UN Envoy Emphasizes Important Role of Libyan Women
April 9, 2015
Leon told these Libyan women that UNSMIL counts on them to keep pushing for a peaceful resolution and “to spread the culture of peace in your communities and to talk and engage with all who have a role to play in bringing stability to Libya.” He also gave information to the group about the ongoing political discussion regarding ceasefire agreements, emphasizing that peace must continue to be advocated for.
This emphasis on the role of women in moving the dialogue process along, reconciling differences among those involved, and making sure that political agreements that may be reached are implemented is interesting, giving the fact that women have suffered greatly from the violence in Libya. It is also interesting in light of the recent class discussions we have had about women’s involvement in transitional justice and how sexual violence crimes are often considered lesser crimes in these conflict situations. In the South African Truth and Reconciliation Commission, we saw women reluctant to come forth with testimony, whether because it would be too re-traumatizing, linguistic barriers made communication too difficult or frustrating, or there was great fear of public backlash against them, especially if they were to call out ANC brethren for their crimes against them.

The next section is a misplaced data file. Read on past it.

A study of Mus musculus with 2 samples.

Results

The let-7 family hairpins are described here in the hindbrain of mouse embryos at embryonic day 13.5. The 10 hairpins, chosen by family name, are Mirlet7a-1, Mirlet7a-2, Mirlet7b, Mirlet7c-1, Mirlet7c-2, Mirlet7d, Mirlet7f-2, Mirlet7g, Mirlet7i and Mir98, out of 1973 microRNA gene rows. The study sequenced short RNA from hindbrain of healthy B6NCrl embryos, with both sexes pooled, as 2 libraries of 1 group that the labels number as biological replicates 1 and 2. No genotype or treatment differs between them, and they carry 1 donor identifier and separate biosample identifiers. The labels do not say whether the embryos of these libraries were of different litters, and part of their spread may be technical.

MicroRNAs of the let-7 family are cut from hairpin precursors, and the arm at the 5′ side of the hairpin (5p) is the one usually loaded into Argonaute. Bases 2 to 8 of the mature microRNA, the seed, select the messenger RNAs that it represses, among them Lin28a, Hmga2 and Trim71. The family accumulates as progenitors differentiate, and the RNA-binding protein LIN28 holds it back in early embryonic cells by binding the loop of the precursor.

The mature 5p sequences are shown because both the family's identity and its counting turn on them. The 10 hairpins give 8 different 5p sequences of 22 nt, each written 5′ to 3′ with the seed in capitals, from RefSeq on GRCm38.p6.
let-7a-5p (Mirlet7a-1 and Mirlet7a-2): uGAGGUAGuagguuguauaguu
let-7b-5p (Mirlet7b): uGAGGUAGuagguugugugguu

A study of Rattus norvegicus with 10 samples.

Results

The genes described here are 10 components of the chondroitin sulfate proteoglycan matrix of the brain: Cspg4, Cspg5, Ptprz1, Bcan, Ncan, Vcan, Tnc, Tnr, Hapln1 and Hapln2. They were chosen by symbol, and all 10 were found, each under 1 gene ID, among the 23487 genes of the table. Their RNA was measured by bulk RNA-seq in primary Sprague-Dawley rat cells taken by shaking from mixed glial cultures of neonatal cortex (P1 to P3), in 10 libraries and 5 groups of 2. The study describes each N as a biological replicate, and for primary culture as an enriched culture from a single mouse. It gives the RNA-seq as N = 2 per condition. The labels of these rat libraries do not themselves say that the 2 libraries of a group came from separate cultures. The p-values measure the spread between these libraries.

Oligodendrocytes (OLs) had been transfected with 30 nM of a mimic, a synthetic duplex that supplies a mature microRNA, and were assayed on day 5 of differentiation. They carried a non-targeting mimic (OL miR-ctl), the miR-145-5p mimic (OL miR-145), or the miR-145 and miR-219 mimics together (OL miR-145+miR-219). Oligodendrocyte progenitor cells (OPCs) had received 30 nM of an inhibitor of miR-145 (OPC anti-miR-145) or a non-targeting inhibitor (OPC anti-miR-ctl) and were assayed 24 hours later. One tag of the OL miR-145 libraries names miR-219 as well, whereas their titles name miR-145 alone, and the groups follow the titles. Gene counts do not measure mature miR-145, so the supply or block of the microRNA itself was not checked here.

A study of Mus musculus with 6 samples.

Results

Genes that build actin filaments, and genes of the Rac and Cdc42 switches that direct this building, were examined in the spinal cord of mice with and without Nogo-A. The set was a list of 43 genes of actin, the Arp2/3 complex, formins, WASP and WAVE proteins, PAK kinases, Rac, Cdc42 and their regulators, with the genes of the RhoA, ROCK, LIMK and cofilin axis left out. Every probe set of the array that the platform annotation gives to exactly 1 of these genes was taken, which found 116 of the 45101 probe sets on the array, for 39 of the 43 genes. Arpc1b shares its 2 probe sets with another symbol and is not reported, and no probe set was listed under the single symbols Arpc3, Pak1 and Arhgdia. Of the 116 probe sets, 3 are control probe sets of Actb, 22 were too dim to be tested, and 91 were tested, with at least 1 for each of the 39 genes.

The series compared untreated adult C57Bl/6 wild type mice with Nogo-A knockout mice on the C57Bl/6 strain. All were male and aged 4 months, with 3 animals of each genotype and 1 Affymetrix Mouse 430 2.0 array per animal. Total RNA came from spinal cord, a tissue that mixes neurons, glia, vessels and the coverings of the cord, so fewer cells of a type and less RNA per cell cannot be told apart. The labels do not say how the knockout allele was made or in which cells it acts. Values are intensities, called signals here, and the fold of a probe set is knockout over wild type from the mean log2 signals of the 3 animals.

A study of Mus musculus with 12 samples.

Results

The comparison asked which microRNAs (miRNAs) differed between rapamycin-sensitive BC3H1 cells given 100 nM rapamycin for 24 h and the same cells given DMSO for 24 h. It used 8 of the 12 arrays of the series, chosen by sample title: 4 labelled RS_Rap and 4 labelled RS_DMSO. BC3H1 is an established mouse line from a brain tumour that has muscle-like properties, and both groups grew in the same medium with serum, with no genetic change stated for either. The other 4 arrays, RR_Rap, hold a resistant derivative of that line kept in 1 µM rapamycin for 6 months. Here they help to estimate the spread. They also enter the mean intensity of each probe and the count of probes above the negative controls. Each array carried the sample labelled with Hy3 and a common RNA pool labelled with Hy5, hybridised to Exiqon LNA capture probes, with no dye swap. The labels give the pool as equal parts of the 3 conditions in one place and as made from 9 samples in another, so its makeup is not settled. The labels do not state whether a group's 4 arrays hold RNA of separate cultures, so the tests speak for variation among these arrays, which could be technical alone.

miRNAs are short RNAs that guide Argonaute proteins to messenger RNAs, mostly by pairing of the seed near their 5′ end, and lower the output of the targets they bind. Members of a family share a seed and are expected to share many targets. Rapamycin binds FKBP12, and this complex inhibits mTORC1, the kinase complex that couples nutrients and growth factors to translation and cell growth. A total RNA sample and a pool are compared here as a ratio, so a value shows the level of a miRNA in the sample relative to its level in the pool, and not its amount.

Here, it is refreshing to see the role of women being emphasized when it comes to transitional justice. The fact that women and women’s’ groups are coming together to participate in political dialogue is an important stepping stone for post-conflict justice. This is particularly true for Libya, as recent reports have indicated the inadequacy of Libyan law in dealing with domestic and sexual violence, as well as public perceptions among both men and women that domestic violence is acceptable. Perhaps with more involvement from women in peace negotiations and rebuilding efforts, women can have the effect of changing some of these institutions that serve to legitimize violence against women and can alter public perceptions about the acceptable treatment of women. By doing so, women’s involvement in transitional justice may help to prevent future violence and discrimination against women in the country.